Colin Brough Murder: Who Was Behind His Fatal End?

Image Credit: ABC News

A seemingly ordinary night off the Northern Arizona University campus in Flagstaff, Coconino County in 2015, soon devolved into a chaotic sequence of events that ended with one dead and three others injured. Colin Brough, a junior at the university, was killed in what was believed to be a scuffle. ABC News’ ‘20/20: A Chance Encounter’ focuses on the legal proceedings after that and how the prosecution and the defense framed their cases. 

How Did Colin Brough Die?

Colin Charles Brough was originally from Annapolis, Maryland, but the family eventually settled in Colorado. He was quite close to his parents, Douglas “Doug” and Claudia Brough, and two brothers. After finishing high school in 2013, Colin enrolled at Northern Arizona University. At the time, the 20-year-old chose to pursue business. At the university, Colin played lacrosse and was a member of the Delta Chi Fraternity. He seemed to have a great life there, enjoying his time with friends away from home.

Image Credit: ABC News

In the time leading up to the incident, Colin was at an off-campus apartment, partying with his friends and having a good time. But then, during the early hours of October 9, 2015, things began to go awry. The authorities received multiple calls regarding an active shooter in the parking lot near the apartment complex where Steven and his friends were. At a chaotic scene, the police found Colin lying face down in a pool of blood. He had been shot once in his chest and once in his shoulder.

Who Killed Colin Brough?

The authorities who got to the scene discovered that three others were injured — Nick Piring, Kyle Zientek, and Nick Prato. They were all members of the same fraternity and had been friends with Colin. The police also arrested Steven “Steve” Edward Jones, an 18-year-old freshman, at the scene. He admitted to being the gunman, but a complex investigation followed, with the authorities trying to figure out why Steve fired.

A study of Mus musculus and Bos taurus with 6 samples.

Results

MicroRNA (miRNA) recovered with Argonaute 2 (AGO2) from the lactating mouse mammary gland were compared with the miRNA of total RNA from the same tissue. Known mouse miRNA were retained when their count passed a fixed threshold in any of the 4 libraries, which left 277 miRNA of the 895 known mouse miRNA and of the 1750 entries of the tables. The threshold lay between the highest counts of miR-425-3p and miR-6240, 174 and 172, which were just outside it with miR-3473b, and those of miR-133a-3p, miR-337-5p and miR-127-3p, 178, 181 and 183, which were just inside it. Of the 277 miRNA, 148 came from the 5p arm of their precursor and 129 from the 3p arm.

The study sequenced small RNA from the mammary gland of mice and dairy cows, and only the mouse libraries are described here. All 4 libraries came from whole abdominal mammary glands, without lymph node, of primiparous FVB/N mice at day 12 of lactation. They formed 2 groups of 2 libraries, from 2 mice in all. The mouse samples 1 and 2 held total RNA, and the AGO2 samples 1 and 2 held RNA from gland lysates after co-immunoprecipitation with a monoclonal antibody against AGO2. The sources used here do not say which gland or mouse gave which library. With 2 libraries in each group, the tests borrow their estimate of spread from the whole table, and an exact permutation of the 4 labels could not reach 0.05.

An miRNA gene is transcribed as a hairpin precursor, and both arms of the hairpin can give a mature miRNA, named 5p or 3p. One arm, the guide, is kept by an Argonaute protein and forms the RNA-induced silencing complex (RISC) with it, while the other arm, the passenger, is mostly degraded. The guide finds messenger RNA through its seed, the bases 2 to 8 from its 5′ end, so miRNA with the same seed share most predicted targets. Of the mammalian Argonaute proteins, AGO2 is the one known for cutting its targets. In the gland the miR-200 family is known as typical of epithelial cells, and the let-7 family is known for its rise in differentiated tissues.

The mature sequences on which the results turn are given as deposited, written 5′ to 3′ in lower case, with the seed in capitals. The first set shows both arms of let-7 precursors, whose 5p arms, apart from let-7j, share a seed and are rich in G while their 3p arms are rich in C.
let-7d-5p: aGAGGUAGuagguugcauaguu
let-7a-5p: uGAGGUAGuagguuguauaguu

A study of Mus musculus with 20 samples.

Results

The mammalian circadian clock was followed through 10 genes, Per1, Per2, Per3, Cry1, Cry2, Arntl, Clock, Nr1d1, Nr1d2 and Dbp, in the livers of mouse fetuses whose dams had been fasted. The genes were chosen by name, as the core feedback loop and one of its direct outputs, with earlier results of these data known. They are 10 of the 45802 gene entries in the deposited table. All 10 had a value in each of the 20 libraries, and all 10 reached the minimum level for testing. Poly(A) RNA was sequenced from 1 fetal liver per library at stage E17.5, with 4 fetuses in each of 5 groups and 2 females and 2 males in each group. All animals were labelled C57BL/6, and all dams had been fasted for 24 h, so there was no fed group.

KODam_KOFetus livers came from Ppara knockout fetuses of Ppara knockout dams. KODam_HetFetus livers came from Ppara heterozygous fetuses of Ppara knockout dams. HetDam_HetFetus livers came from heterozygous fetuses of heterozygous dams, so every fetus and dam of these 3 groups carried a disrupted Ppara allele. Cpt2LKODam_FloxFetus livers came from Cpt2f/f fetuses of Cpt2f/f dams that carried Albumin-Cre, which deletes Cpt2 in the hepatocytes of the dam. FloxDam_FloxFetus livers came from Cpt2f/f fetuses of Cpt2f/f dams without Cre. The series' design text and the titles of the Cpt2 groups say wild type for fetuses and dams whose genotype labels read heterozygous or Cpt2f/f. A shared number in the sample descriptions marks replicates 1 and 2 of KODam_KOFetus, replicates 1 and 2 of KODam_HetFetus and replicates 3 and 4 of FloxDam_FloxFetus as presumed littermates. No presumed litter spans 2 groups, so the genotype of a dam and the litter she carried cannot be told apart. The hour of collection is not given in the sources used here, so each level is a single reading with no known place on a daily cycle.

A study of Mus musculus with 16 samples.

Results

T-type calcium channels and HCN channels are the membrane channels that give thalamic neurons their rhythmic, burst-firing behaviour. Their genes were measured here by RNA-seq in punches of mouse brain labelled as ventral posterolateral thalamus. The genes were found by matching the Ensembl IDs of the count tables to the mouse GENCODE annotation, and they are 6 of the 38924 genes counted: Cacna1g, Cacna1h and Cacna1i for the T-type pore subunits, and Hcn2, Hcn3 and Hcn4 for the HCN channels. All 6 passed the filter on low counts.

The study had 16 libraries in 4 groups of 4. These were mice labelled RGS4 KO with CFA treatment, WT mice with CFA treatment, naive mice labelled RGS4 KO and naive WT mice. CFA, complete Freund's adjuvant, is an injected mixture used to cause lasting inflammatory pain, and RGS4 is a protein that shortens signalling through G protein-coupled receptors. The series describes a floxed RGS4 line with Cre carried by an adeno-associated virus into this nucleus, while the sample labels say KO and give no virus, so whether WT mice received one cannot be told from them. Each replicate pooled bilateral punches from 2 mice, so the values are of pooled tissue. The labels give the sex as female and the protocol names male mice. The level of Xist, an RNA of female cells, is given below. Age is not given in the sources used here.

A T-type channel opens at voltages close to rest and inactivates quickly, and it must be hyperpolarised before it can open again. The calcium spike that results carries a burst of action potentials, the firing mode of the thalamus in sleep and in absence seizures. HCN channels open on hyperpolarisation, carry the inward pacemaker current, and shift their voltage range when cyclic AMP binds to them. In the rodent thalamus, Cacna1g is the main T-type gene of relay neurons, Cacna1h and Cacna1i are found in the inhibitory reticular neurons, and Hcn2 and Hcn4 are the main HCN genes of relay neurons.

The investigation revealed that on October 8, 2015, Steve and three friends, Shay McConnell, Jake Mike, and Hunter Todd, were at a party at an off-campus student apartment. After hanging out there for a while, they decided to head home. As the group was walking to Steve’s car, parked in a lot, they realized that Hunter wasn’t with them anymore. They then stopped by the apartment where the Delta Chi party was going on.

One of them rang the bell, hoping to find Hunter in there, but they were seemingly confronted by a group of angry fraternity brothers, leading to a verbal altercation. As this continued, Steve was punched by one of the partygoers, completely unprovoked. At this point, Steve ran to his car in the parking lot and claimed that the group chased him as he did. Once he got to the car, Steve, who said he feared for his life, pulled a gun from his glove box.

What happened in the aftermath became the point of contention at Steve’s trial in April 2017. While Steve stated that he and his friends were subjected to violence, the fraternity brothers denied that. Steve told the authorities he fired his weapon after seeing two men charging at him despite warning them about the gun. While Piring, the other person shot along with Colin, said he went to help his friend, he never saw Colin charge at Steve.

As Colin and Piring were down with gunshot wounds, Steve claimed to have attempted first aid on them. At that point, he asserted that others attacked him, prompting him to fire in the air and injuring Zientek and Prato. While testimony from some witnesses stated that Steve and Colin were a few feet apart, the autopsy revealed stippling on one of the wounds, indicating that Colin was two feet or closer. The trajectory also suggested that Colin was possibly lunging at Steve when he was shot.

At the trial, the defense shone a light on the inconsistent statements from several witnesses present when the shooting unfolded. They claimed that Steve feared for his life, so the shooting was in self-defense. The prosecution, though, asserted that the shooting was premeditated. In the end, the jury remained deadlocked, resulting in a mistrial. In January 2020, Steve took a deal, pleading guilty to lesser charges, and was sentenced to serve 6 years in jail.

Read More: Where is Steve Jones Now?